Whatever the reason for deciding to change to a raw vegan food diet, the transition can be a formidable undertaking. Preparation is the key to successfully changing to this way of eating.
The vegan diet is different from the vegetarian diet in that vegetarians will eat no meat, but will often eat products such as eggs and cheese. A vegan eats no animal-based products whatsoever. Though it’s certainly possible for a vegan to eat cooked food, some prefer to eat only raw, and often unprocessed food. This is usually a health-related decision. When food is cooked, it can lose nutrients. Changing from an omnivorous or even a vegetarian diet to a raw vegan food diet takes firm commitment and some careful planning.
Few people can expect to simply jump into veganism without preparation. Preparation is necessary for the body as it enters a new regime, and it’s important for the mind as well.
List the Benefits
When preparing for a raw vegan food diet, start on a positive note. Sit down and make a list of all the benefits you will enjoy by changing to this way of eating. There are plenty to list, such as cutting saturated fats completely out of your diet, getting more fiber, and increasing your intake of many vital nutrients.
List the Possible Drawbacks
Focusing on the positive is good, but you want to be realistic. Listing the drawbacks of eating only a raw vegan food diet is important, because it helps you to devise ways to avoid them or deal with them. Drawbacks can include difficulty in getting enough daily protein and experiencing intense cravings for non-vegan food. Be honest when making this list, but see it as a way to help you cope.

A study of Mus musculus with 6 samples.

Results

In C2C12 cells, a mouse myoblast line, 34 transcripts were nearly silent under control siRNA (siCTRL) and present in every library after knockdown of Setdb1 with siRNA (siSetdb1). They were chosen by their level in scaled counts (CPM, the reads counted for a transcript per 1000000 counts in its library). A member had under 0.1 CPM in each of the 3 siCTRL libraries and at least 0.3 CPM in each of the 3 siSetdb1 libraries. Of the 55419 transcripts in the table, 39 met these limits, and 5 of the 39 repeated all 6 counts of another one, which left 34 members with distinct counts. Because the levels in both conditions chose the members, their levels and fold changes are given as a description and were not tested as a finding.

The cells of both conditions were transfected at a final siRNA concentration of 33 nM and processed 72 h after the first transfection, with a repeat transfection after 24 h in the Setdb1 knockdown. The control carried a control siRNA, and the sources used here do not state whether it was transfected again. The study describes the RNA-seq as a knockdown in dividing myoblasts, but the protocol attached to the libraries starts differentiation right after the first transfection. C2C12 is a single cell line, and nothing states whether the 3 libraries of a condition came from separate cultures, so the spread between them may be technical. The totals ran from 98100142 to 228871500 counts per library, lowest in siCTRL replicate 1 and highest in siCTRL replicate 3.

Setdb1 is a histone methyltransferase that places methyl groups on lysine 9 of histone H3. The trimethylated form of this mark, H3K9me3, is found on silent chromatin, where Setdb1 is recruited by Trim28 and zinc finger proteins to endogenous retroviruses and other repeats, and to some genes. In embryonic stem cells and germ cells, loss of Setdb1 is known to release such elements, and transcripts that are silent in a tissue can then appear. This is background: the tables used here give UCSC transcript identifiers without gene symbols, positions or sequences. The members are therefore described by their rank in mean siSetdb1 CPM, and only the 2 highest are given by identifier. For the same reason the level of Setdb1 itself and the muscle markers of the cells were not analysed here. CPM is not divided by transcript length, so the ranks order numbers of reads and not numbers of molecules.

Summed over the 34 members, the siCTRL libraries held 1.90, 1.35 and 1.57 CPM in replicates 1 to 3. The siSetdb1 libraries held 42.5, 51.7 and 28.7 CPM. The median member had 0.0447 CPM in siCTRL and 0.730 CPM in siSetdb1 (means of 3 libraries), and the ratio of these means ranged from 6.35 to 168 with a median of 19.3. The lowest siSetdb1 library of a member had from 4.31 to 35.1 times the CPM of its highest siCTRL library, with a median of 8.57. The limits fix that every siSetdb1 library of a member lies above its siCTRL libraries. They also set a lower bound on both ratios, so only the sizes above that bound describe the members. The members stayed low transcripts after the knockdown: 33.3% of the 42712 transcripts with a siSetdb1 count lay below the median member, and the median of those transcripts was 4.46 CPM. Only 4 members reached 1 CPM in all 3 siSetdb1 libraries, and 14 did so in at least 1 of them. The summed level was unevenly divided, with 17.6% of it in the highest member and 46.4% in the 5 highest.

Talk to an Expert
Many nutritionists study the raw food vegan diet in order to be better able to advise clients on how to adopt this way of eating in a healthy manner. Doctors who specialize in naturopathic medicine are often educated in veganism as well. Do some research and talk to a professional who you believe will give you the soundest advice.
Ease into It
Most experts will tell you that the best way to adopt a vegan diet is to ease into it gradually. This can help ease any physical or mental side effects associated with the change. Plan a transition period that fits well with your needs and follow it faithfully. For example, if you have been eating meat, then in your first week of transition you could cut out all red meat. In the second week, you could eliminate poultry and fish from your diet; in the third week you could stop eating eggs. While you’re transitioning to eating no animal products, you’re also slowly learning how to prepare satisfying vegan meals.
Properly preparing for a raw vegan food diet can make the difference between success and failure. Being physically and emotionally ready can get you over some of the hurdles that you are bound to face, and can help you give this way of eating your best effort.